Sinn Féin housing spokesperson Eoin Ó Broin TD has said ‘home owners with Celtic Tiger era building defects cant wait until 2024 for redress funding.’
The comments were made following Dáil exchanged with Darragh O’Brien during which the Minister for Housing said he was setting up a cross-Departmental working group to examine options.
Teachta Ó Broin said:
“This week Darragh O’Brien outlined his initial response to the report from the Working Group on Defective Buildings. During Dáil exchanges this week he outlined his intention to set up a cross departmental group to examine options on foot of the Working Group report. This departmental group is to report by the end of the year.
“The Minister also indicated that this would be followed by primary legislation to underpin any new scheme. No time line was given for this legislation.
“Given the length of time it took to set up the Pyrite Remediation Scheme and the two Defective Block Schemes there is now real worry that a scheme for apartment, duplex and house owners impacted by fire safety and other structural defects could mean that no actual redress funding many be available until 2024.
“The cross departmental working group timeline of years end is widely optimistic. Even if this group reports on time it will take months to draft and pass legislation. Then homeowners and owners management companies will have to apply, be approved and contractors appointed before a cent of redress funding will be drawn down.
“In the most optimistic scenario any new redress scheme would not open until mid 2023 meaning funding would not be drawn down until early 2024. Even this timeline is widely optimistic on the basis of the plan as outlined by the Minister this week.
“Homeowners and tenants living in Centric Tiger era defective buildings cant wait until 2024. Many are facing bills of between €20,000 and €70,000 for remediation. If they do not undertake this work their insurance premia will rise or their cover will be withdrawn. Some may face enforcement by the Fire Safety officials. In other cases developments may delay works while waiting for details of the scheme. None of this is acceptable.
“Minister O’Brien needs to act with greater urgency. His officials should start drafting legislation now to amend the terms of the existing Pyrite Remediation Scheme to include wider structural defects. The Pyrite Board already exists, has staff and experience. They could easily and quickly transition, early in 2023, into a wider Building Defects Resolution Board.
“This would enable homeowners and owners management companies to apply in early 2023 for redress and start drawing down funds shortly after. The Minister must also learn from the mistakes of both Defective Block Schemes. Multi-unit developments would be t served by an end-to-end scheme rather than a grant scheme. This would also provide a better mechanism for containing the cost to the exchequer.
“The Minister also needs to consider interim measures for those developments that must under take work now and ensure any scheme include retrospective provisions for those who have had to pay for remediation already.”
For Priority Answer on : 28/09/2022
Question Number(s): 1 Question Reference(s): 47294/22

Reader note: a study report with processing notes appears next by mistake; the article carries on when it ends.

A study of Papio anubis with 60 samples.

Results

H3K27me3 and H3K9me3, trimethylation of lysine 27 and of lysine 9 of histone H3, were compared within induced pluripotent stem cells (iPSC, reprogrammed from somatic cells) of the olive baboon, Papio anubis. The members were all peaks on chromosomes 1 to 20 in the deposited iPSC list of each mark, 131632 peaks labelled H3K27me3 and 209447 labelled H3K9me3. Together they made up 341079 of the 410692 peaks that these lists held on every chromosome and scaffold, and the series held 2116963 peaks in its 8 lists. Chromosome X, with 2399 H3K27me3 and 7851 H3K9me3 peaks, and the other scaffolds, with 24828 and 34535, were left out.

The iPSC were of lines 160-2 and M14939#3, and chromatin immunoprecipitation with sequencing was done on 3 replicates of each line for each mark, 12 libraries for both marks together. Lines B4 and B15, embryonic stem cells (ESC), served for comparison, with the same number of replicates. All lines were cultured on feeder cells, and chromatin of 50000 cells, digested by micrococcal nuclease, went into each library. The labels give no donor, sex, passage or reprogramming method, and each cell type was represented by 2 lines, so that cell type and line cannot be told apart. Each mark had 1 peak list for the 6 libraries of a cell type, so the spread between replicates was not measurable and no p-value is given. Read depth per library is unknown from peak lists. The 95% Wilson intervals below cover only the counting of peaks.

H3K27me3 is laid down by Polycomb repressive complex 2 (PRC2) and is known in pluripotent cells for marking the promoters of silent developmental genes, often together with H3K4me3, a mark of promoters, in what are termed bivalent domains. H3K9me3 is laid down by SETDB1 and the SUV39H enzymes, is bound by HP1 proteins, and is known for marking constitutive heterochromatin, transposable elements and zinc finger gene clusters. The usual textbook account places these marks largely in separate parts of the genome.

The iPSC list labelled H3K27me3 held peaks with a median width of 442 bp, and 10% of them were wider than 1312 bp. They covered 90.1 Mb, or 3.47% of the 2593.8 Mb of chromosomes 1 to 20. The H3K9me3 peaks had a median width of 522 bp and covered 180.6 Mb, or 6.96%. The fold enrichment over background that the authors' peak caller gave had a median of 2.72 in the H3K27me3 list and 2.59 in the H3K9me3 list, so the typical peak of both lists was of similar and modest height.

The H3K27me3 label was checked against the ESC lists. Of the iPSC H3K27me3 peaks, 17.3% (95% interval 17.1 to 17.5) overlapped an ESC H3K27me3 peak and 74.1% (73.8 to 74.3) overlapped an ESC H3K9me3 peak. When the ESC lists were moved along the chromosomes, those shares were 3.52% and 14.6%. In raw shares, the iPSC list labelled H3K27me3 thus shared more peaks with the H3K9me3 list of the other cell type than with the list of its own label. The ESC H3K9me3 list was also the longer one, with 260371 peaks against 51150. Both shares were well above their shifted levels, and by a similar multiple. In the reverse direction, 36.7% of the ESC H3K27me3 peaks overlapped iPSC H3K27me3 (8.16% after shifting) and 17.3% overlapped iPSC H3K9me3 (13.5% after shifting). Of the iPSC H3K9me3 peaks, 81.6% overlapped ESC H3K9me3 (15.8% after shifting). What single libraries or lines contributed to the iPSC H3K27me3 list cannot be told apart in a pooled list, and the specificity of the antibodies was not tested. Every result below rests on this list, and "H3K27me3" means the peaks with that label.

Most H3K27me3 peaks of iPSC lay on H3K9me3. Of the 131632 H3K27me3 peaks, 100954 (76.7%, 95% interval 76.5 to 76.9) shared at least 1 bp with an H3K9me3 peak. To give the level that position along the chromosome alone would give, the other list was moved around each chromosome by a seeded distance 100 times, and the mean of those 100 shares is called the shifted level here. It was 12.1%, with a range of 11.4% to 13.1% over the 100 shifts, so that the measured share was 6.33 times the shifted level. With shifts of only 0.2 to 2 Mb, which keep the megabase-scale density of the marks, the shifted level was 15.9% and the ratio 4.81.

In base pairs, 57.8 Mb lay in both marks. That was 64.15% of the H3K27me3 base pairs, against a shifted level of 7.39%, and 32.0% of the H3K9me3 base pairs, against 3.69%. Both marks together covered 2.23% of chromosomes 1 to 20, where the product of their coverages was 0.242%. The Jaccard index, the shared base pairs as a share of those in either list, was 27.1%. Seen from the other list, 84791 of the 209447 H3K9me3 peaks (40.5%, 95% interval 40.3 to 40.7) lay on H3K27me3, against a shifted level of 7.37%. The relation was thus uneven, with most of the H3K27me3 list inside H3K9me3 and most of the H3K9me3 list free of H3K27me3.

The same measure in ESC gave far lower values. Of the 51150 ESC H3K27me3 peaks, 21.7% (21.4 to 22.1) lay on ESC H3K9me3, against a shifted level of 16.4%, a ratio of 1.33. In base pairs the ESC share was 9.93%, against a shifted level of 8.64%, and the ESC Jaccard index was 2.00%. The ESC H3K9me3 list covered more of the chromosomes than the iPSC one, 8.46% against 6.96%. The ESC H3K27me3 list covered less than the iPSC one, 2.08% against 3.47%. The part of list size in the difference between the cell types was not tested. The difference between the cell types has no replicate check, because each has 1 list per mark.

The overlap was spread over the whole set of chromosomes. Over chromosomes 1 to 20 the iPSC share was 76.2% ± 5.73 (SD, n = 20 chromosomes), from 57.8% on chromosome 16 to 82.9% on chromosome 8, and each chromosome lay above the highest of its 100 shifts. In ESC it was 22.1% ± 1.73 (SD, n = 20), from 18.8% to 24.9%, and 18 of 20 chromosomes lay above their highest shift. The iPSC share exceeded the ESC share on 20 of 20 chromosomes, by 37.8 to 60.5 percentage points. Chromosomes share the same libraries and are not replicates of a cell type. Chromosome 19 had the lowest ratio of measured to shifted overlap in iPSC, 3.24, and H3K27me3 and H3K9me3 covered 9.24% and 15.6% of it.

Department: Housing, Local Government and Heritage
Asked by: Eoin Ó Broin T.D.
To ask the Minister for Housing; Local Government and Heritage his plans for a redress scheme for homeowners impacted by Celtic Tiger-era fire safety, water ingress and other structural defects.
The Programme for Government sets out a commitment to examine defects in housing, having regard to the recommendations of the Joint Oireachtas Committee on Housing’s report Safe as Houses?, and to assist owners of latent defect properties by identifying options for those impacted by defects, to access low-cost, long-term finance. In response, in February 2021, I established a Working Group to examine the matter. The Group was chaired by former Donegal CEO Seamus Neely.
I received the comprehensive report of the Working Group on 29 July titled Defects in Apartments – Report of the Working Group to Examine Defects in Housing, and I published it the following day.
Yesterday, I brought a Memorandum to Government to inform Government of the content of the report and of the next steps that I will be taking.
In that context, I will now, in consultation with Government colleagues, develop options with a view to providing support to homeowners who find themselves in a difficult financial situation through no fault of their own.
Firstly, an inter–departmental/agency group will be established to bring forward specific proposals to Government by the end of the year.
In addition, an advisory group to develop a Code of Practice will also be established, to provide guidance to building professionals and local authority building control / fire services, including guidance on interim safety measures, in line with Recommendation 8 of the Working Group’s report and in the context of the Fire Services Acts.
Finally, I also intend on liaising with key stakeholders such as homeowner representatives and the insurance sector, as matters progress.
I wrote yesterday to the Construction Defects Alliance to inform them of this progress and my Department is also engaging with the Housing Agency for the provision of advise in relation to implementation of the recommendations of the Report.
Finally, it should be noted that the Minister for Finance yesterday announced the introduction of a 10% levy on concrete blocks and other concrete products, with an expected annual yield of €80m. This will provide a sustainable contribution from the construction sector towards the costs of dealing with construction defects over the coming years.